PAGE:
By CIARAN GILES and DANIEL WOOLLS
MADRID -- Spain's government imposed further austerity on the country Wednesday as it unveiled sales tax hikes and spending cuts aimed at shaving 65 billion euros ($79.85 billion) off the state budget over the next two and a half years.
A day after winning European Union approval for a huge bank bailout and breathing space on its deficit program, Prime Minister Mariano Rajoy warned Parliament that Spain's future was at stake as it grapples with recession, a bloated deficit and investor wariness of its sovereign debt.
"We are living in a crucial moment which will determine our future and that of our families, that of our youths, of our welfare state," said Rajoy.
"This is the reality. There is no other and we have to get out of this hole and we have to do it as soon as possible and there is no room for fantasies or off-the cuff improvisations because there is no choice."
The spending cuts, designed to cut 65 billion euros of state budgets by 2015, include a wage cut for civil servants and members of the national parliament and a new wave of closures at state-owned companies. Spain will also speed up a gradual increase in the retirement age from 65 to 67.
The measures are in exchange for the bank bailout of up to 100 billion euros ($122.85 billion) granted to Spain by the other 16 countries that use the euro. Finance ministers approved the bailout program at meetings in Brussels this week and as much as 30 billion euros could flow to Spain's banks by the end of the month. The country's banks are saddled with billions of euros in toxic loans and assets following the collapse of the country's real estate market. The goal is to strengthen the banks' balance sheets against further economic shocks so they can start lending to businesses and families. The full amount Spain will seek is not yet known.
Europe's finance ministers also this week extended Spain's deadline for achieving a budget deficit of less than 3% of its annual economic output, until 2014. The size of Spain's economy in 2011 is estimated to have been $1.5 trillion.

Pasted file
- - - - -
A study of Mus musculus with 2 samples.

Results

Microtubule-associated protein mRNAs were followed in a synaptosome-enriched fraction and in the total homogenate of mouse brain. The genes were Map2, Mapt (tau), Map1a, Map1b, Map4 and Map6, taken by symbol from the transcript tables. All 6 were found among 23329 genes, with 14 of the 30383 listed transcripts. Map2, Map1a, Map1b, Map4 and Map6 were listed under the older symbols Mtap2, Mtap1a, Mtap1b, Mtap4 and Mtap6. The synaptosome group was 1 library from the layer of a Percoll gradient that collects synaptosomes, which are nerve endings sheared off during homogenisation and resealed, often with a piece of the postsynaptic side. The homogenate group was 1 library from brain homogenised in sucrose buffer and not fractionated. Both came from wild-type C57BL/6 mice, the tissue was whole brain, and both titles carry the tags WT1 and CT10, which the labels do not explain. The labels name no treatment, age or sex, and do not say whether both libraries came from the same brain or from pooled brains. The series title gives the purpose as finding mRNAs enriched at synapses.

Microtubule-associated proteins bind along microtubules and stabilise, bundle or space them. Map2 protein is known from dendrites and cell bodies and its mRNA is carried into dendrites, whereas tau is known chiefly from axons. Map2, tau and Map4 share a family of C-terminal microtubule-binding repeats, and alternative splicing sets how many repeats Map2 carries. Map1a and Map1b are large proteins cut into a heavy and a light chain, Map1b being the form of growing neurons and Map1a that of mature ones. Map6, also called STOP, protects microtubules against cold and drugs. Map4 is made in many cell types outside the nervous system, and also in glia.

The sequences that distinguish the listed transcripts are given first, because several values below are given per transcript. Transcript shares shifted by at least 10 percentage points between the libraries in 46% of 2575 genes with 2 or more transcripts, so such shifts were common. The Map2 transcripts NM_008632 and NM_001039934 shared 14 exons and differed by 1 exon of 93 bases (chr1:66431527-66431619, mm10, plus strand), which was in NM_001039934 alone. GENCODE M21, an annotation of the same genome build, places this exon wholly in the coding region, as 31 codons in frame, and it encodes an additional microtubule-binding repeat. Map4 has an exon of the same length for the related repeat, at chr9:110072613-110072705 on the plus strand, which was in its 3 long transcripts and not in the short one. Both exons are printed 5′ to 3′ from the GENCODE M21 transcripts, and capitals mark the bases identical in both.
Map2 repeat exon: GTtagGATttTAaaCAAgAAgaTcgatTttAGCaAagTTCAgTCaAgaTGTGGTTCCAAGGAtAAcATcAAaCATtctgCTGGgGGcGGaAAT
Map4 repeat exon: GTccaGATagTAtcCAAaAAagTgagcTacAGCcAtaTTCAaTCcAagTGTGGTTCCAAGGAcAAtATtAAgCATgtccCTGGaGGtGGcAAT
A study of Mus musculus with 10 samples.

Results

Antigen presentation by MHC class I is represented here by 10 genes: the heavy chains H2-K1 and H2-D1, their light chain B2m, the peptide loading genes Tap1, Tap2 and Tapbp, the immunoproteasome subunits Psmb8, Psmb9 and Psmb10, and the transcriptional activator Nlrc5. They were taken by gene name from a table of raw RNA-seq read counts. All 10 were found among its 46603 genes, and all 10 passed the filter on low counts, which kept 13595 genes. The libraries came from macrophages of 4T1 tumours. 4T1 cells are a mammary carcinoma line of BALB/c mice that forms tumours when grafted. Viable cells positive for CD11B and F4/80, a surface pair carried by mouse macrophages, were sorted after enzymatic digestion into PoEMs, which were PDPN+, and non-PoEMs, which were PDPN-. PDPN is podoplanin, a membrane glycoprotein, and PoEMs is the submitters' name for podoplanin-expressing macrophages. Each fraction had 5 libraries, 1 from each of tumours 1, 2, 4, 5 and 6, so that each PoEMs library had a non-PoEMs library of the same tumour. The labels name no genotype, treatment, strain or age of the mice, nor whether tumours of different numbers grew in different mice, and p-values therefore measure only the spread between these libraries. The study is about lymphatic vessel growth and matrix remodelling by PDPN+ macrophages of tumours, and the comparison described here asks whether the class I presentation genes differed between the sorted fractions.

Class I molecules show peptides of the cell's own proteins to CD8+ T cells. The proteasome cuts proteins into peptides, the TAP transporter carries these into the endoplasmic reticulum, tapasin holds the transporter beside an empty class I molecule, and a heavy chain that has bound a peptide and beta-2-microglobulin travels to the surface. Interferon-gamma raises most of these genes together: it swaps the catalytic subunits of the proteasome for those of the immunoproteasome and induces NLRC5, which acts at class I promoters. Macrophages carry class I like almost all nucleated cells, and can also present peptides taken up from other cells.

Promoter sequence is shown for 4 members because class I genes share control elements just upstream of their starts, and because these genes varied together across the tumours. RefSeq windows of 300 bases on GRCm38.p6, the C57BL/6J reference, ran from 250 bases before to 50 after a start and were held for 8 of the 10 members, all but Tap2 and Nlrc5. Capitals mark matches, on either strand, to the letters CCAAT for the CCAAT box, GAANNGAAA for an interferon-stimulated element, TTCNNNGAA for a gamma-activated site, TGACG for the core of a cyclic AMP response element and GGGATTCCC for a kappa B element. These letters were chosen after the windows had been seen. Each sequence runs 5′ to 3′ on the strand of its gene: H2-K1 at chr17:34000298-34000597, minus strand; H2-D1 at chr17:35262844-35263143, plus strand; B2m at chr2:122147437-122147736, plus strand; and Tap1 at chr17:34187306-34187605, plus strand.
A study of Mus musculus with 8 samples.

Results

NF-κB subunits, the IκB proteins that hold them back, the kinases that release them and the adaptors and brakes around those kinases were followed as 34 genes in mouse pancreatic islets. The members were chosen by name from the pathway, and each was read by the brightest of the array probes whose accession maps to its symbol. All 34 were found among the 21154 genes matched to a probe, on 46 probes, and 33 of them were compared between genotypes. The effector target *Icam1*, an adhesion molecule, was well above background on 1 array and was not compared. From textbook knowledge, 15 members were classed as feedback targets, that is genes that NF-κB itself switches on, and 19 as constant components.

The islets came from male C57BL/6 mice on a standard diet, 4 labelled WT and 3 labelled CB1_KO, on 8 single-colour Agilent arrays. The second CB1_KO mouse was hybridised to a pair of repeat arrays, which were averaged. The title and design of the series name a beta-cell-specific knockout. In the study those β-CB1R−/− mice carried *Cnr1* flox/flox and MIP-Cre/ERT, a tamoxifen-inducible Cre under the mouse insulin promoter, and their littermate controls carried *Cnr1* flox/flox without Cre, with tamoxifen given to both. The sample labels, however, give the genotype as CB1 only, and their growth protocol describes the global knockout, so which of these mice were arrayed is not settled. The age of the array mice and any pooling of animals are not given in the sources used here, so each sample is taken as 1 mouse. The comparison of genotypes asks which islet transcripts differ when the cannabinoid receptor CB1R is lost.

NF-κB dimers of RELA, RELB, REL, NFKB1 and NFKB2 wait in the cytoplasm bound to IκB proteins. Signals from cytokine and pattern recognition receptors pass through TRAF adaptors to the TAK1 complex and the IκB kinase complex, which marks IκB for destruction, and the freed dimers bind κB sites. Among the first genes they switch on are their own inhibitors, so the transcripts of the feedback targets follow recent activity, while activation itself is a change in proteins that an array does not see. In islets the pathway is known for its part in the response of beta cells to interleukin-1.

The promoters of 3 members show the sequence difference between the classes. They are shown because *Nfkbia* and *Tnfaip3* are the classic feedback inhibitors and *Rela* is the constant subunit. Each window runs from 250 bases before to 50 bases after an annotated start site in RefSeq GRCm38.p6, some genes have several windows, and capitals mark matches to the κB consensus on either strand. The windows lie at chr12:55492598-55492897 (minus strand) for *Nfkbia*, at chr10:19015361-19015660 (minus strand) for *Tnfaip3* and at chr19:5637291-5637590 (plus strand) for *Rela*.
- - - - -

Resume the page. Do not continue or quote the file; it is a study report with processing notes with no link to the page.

Spain -- the fourth-largest economy in the eurozone -- has been struggling to keep a lid on its government deficit in the midst of a recession while trying to support its troubled banking industry. There are fears that should Spain need a bailout of its own, the eurozone would struggle to finance it, pushing the region further into recession.
The jobless rate in Spain is nearly 25% and the forecast is for the economy to shrink 1.7% this year. The country is mired in its second recession in three years. The concern among investors and Europe-watchers is that further austerity cuts will push Spain's economy further into recession, making it even harder for the government to trim its deficit.
Blaming the previous Socialist government for the legacy of 8.9% deficit in 2011, Rajoy said, "The excesses of the past must be paid in the present."
Highlighting the need to trim the civil service, Rajoy said that while nearly 3 million private-sector jobs had been lost since 2007, public sector employment numbers had increased by 289,000.
"I know the measures are not pleasant but they are imperative," he said.
"In the current situation in Spain, it's not possible to create employment or grow economically. Never before have we had two recessions so deep and so close together -- it's something none of us here present have ever lived through -- and the indicators suggest the recession will continue next year," Rajoy added.
Wednesday's increases in sales tax include a 3 percentage point hike on products and services like clothing, cars, cigarettes and telephone services to 21% and a 2 percentage point increase on goods such as public transport fares, processed foods and bar and hotel services to 10%. The sales tax on basic goods like bread, medicine and books stays at 4%.
The increases were widely expected but go against campaign pledges made by Rajoy before he was elected in November and since he came to power.
Other measures outlined Wednesday included:
- 660 million euros of cuts in government spending beyond the reductions already outlined in the 2012 budget
- wage cuts for civil servants and members of the national parliament
- further closures of state-owned companies
- tax deductions for homeowners to be scrapped
- a 30% cut in the number of town councilors
- changes to unemployment benefits designed to encourage jobless people to seek work quickly.
- 20% cut in government subsidies to political parties and labor unions.